The Interview: Jewish Mediator Kenneth Feinberg on why he wants to save The United Methodist Church

Until a few months ago, Kenneth Feinberg was blissfully unaware of the decades-long debate over sexuality that has roiled the United Methodist Church.

Now he may be the man to end it.

Feinberg, along with Rick Godfrey and Wendy Bloom of law firm Kirkland & Ellis, mediated the negotiations between 16 United Methodist bishops and leaders of advocacy groups that led to a proposal to split the global denomination.

That proposal, called the Protocol of Reconciliation & Grace Through Separation, would allow conservatives within the church to form their own “traditionalist” Methodist denomination, taking their church properties and $US25 million with them.

It’s the latest proposal to resolve the long-running dispute over LGBTQ inclusion in one of America’s largest Protestant denominations. At issue: whether “the practice of homosexuality” is “incompatible with Christian teaching.” Traditionalists in the United States and abroad say yes, as does the denomination’s rulebook. Progressives within the church say no.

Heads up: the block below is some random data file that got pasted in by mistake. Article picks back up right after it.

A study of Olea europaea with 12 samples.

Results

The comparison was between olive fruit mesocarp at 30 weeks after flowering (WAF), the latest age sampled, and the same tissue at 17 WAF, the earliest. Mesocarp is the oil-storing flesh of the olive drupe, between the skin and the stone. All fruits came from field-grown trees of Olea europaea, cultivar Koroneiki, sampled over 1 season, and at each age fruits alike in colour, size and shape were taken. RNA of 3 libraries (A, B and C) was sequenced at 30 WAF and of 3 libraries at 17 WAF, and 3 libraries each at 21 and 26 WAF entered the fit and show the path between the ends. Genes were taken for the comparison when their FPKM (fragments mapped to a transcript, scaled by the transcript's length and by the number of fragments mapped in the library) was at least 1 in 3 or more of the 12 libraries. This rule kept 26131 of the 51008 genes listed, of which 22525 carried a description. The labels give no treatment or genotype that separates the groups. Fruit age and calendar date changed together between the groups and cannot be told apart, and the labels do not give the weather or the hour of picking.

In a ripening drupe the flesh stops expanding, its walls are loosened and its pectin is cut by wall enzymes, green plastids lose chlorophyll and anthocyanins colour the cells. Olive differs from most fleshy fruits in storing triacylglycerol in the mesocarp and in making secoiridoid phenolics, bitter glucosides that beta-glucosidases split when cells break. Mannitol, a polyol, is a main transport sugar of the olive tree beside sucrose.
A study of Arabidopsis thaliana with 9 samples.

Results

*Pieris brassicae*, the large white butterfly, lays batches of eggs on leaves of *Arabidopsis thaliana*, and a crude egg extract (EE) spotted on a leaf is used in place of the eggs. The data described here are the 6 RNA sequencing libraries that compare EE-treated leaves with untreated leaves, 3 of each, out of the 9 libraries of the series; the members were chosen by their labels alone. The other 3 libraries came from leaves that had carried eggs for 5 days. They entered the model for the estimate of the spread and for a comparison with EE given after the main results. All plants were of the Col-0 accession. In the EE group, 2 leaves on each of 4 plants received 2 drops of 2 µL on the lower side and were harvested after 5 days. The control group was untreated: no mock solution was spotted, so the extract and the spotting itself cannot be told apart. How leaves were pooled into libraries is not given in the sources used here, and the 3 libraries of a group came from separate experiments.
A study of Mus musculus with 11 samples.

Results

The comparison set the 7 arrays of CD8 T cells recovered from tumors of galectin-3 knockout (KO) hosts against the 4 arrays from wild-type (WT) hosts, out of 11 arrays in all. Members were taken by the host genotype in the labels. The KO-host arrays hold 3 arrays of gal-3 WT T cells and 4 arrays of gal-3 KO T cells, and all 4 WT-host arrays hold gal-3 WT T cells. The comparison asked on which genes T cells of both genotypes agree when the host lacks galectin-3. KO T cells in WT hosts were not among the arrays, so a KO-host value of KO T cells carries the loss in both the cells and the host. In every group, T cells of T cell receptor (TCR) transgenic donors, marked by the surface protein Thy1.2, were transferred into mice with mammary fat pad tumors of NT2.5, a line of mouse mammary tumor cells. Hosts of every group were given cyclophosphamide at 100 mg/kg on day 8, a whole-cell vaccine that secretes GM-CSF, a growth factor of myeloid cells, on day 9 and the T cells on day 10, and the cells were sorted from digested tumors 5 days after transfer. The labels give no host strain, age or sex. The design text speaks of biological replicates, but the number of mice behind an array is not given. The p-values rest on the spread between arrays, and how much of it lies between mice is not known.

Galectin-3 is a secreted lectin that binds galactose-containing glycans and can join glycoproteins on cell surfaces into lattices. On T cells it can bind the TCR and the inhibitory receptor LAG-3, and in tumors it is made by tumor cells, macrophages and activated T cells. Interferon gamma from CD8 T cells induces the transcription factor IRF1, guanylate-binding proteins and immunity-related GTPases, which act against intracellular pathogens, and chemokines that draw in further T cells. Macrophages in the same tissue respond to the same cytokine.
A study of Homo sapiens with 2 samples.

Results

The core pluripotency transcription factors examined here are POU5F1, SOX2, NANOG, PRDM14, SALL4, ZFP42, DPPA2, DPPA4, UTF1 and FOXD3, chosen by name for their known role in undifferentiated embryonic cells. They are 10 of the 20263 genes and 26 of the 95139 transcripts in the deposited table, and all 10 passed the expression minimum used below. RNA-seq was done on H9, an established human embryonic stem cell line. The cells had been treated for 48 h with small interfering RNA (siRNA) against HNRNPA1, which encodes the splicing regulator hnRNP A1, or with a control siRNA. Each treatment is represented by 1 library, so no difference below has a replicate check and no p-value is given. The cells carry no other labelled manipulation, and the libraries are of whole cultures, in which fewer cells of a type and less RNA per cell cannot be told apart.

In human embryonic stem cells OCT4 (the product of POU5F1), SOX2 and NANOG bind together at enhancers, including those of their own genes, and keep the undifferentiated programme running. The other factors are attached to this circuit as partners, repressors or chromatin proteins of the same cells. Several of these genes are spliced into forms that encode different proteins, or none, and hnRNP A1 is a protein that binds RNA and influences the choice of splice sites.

A special session of the denomination’s General Conference last year in St Louis was supposed to end the debate. It ended up strengthening language in the denomination’s rulebook barring LGBTQ United Methodists from ordination and marriage – a decision progressives vowed to oppose.

Enter Feinberg, who was asked by a friend to help find a way forward.

Feinberg, who is Jewish, said religion plays a role in his life morally and spiritually, and his beliefs motivated him to offer his services without charge.

“I thought that the church and what it stands for and its impact on the day-to-day lives of people was important and that we should step up and try and preserve that, which hopefully we’ve done,” he said.

Read the interview written by Emily McFarlan Miller in Sight Magazine.